Today I want to take a HUGE step away from everything I have ever said about making Paintstik rubbings. Today, we’re going to talk about making “messy” rubbings. And not just a little bit messy — we are going straight for the joyfully messy version!
Start by Calling A Truce
Before we start, I have a confession to make. It is hard for me to make purposefully messy rubbings. I have a really strong perfectionist streak in me that wants to make everything perfectly. Unfortunately, my inner perfectionist is absolutely no fun to play with!
So today, when I went into the studio to make experiment and take photos, I had to have a little chat with Miss Picky. I (gently) told her she needed to take a time out and just let me play. She was not too happy, but we managed to maintain a truce for about an hour while I was working on this post. (And we both survived!)
If you have similar perfectionist tendencies, you may want to do the same thing. It is a whole lot easier to sit down for some pure play-time if you give yourself permission to make a bit of a mess in advance!
Joyfully Messy Rubbings
In the first 2 parts of this series, we talked about various strategies to keep our fabric from shifting on our rubbing plates as we add paint. Today, I tossed all that advice out the window and played around to see what would happen. Here is how my experiment unfolded in the studio.
I put a sticky mat on my work table, placed a clean rubbing plate on the mat and covered the rubbing plate with fabric. (Yes, I used a sticky mat. I was not up to chasing my rubbing plate around the table.) The key here is to skip the sticky spray and use a clean rubbing plate.
During my experiment, I only allowed myself to hold my fabric down in one spot at any given time. I generally opted to hold it down at one corner of the rubbing plate.
I added the first later of the paint using short strokes with my paintstik. I pushed the paint from closer to my hand to further away, and I allowed the fabric to stretch on the bias (diagonal) as I painted. (Miss Picky was having a hard time keeping quiet right about then!)
Next, I added a second color of paint, not worrying about whether the images lined up properly. (Can I admit that I had to keep telling myself that it was perfectly OK that the images did not line up?)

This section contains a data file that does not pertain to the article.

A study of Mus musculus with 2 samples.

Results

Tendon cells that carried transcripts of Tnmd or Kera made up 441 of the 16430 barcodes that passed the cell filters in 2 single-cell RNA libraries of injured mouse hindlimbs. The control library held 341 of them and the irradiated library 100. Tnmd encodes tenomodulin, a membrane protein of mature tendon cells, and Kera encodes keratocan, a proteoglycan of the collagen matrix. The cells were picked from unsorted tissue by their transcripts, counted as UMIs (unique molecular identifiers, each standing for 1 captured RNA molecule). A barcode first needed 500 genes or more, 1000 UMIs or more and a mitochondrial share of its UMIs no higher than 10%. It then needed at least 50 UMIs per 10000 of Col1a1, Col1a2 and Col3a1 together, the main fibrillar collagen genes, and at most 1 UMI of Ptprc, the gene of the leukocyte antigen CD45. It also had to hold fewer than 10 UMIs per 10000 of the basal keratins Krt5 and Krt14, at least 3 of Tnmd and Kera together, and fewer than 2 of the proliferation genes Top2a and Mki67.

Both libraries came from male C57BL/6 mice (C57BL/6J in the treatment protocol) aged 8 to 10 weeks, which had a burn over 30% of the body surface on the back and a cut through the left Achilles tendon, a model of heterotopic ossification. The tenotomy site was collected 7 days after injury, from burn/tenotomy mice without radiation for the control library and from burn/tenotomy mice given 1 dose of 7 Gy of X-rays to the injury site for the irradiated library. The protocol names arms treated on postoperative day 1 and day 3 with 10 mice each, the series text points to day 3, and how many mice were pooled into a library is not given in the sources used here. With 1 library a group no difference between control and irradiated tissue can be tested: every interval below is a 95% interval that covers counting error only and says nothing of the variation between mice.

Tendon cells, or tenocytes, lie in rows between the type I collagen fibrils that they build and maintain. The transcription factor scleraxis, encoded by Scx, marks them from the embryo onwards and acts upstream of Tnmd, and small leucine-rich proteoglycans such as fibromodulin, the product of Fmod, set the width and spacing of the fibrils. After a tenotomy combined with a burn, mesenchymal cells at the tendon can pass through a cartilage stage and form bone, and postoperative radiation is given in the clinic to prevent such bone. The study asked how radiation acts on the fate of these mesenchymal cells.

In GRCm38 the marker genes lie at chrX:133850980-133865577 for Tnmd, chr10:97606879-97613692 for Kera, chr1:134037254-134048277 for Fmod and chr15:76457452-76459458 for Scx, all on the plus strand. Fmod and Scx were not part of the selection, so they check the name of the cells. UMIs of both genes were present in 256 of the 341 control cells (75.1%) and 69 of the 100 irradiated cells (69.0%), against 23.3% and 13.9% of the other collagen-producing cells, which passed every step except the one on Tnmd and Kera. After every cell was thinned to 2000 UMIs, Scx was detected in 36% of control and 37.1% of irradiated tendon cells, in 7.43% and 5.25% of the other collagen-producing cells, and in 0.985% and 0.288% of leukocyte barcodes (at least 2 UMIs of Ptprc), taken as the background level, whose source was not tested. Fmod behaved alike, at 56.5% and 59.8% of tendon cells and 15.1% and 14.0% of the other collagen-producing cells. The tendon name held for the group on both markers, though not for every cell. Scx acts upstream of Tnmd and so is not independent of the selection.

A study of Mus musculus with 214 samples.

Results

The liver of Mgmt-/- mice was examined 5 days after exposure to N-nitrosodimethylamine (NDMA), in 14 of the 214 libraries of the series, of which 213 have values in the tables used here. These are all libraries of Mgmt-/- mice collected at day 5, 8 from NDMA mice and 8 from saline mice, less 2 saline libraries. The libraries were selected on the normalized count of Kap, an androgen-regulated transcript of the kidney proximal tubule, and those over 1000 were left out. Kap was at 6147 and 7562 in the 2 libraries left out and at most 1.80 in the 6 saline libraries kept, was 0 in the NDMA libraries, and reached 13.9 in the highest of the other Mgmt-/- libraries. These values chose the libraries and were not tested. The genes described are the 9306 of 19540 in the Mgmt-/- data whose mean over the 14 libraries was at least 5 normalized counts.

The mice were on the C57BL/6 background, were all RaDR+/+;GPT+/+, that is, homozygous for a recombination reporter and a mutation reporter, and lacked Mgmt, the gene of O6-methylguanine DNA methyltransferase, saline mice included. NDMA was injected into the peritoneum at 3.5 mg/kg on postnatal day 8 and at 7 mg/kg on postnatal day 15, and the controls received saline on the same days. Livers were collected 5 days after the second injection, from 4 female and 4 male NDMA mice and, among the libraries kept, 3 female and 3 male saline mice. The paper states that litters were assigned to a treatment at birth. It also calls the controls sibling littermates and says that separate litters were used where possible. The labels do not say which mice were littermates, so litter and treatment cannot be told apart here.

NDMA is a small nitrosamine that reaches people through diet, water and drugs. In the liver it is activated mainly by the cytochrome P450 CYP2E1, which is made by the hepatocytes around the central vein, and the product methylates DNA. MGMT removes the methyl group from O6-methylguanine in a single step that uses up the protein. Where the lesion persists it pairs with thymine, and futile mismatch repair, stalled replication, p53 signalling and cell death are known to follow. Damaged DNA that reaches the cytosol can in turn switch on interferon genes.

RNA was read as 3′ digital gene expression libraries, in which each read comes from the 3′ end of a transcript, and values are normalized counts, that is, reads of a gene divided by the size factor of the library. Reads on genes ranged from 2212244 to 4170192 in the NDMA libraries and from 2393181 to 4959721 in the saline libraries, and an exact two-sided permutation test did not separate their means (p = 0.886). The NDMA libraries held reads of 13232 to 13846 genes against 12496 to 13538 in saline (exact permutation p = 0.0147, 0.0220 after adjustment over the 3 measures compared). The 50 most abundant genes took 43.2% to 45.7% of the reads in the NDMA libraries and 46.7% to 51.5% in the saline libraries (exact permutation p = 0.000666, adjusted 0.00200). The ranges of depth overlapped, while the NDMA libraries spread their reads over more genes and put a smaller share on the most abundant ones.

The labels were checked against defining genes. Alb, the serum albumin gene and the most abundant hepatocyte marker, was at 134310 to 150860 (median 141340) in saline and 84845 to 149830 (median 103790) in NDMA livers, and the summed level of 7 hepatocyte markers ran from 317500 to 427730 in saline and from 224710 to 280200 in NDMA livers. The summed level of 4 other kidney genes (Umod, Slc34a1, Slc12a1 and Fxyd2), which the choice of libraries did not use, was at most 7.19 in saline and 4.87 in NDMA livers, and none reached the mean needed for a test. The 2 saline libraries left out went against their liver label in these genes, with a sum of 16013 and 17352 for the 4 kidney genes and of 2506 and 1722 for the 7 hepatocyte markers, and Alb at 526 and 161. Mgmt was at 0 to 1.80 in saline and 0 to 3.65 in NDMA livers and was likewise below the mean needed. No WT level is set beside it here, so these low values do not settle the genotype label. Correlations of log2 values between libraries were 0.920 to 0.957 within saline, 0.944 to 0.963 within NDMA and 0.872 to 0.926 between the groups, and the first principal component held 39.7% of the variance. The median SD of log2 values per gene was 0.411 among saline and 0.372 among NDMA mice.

Finally, I added a 3rd color of paint and called it quits. By this point, I could see that I was reaching the point of diminishing returns. I liked the results of the first 2 layers, but after the third, I was not so sure. I actually made about half a dozen of these images and several of them turned out pretty cool.
Next up, I wanted to try to make a random-looking pattern that I could use as a background for a project. I chose one of the Op Art plates and flipped it over to use the back side so it would not look quite so tidy. (Hey, if we are going to be messy, let’s go all the way!)
Holding the fabric down at just one point, I applied Paintstik color to random areas of the fabric.
I shifted the fabric on the plate and added the second color.
Again, I wrapped this up after adding a third color. But with a random pattern like this, I think we could add 6 or 8 colors (or more) without feeling like we had gone “too far.”
When I finished up my experiments, I stepped back to take a closer look at the results. And you know what? I like them! These willfully imperfect rubbings have a totally different energy about them than the “clean” rubbings I typically create. Now I just have to find a way to keep “Miss Picky” quiet while I incorporate these delightful bits of fabric into a project.
What do you think?
How do you like your rubbings? Do you go for clean and crisp or delightfully imperfect? Do you have any secrets for keeping your own “Miss Picky” under control as you play?
Do tell! I am always interested to hear your thoughts, ideas and strategies — especially when it comes to play. My inner 6-year-old is a little rusty and she needs all the help she can get!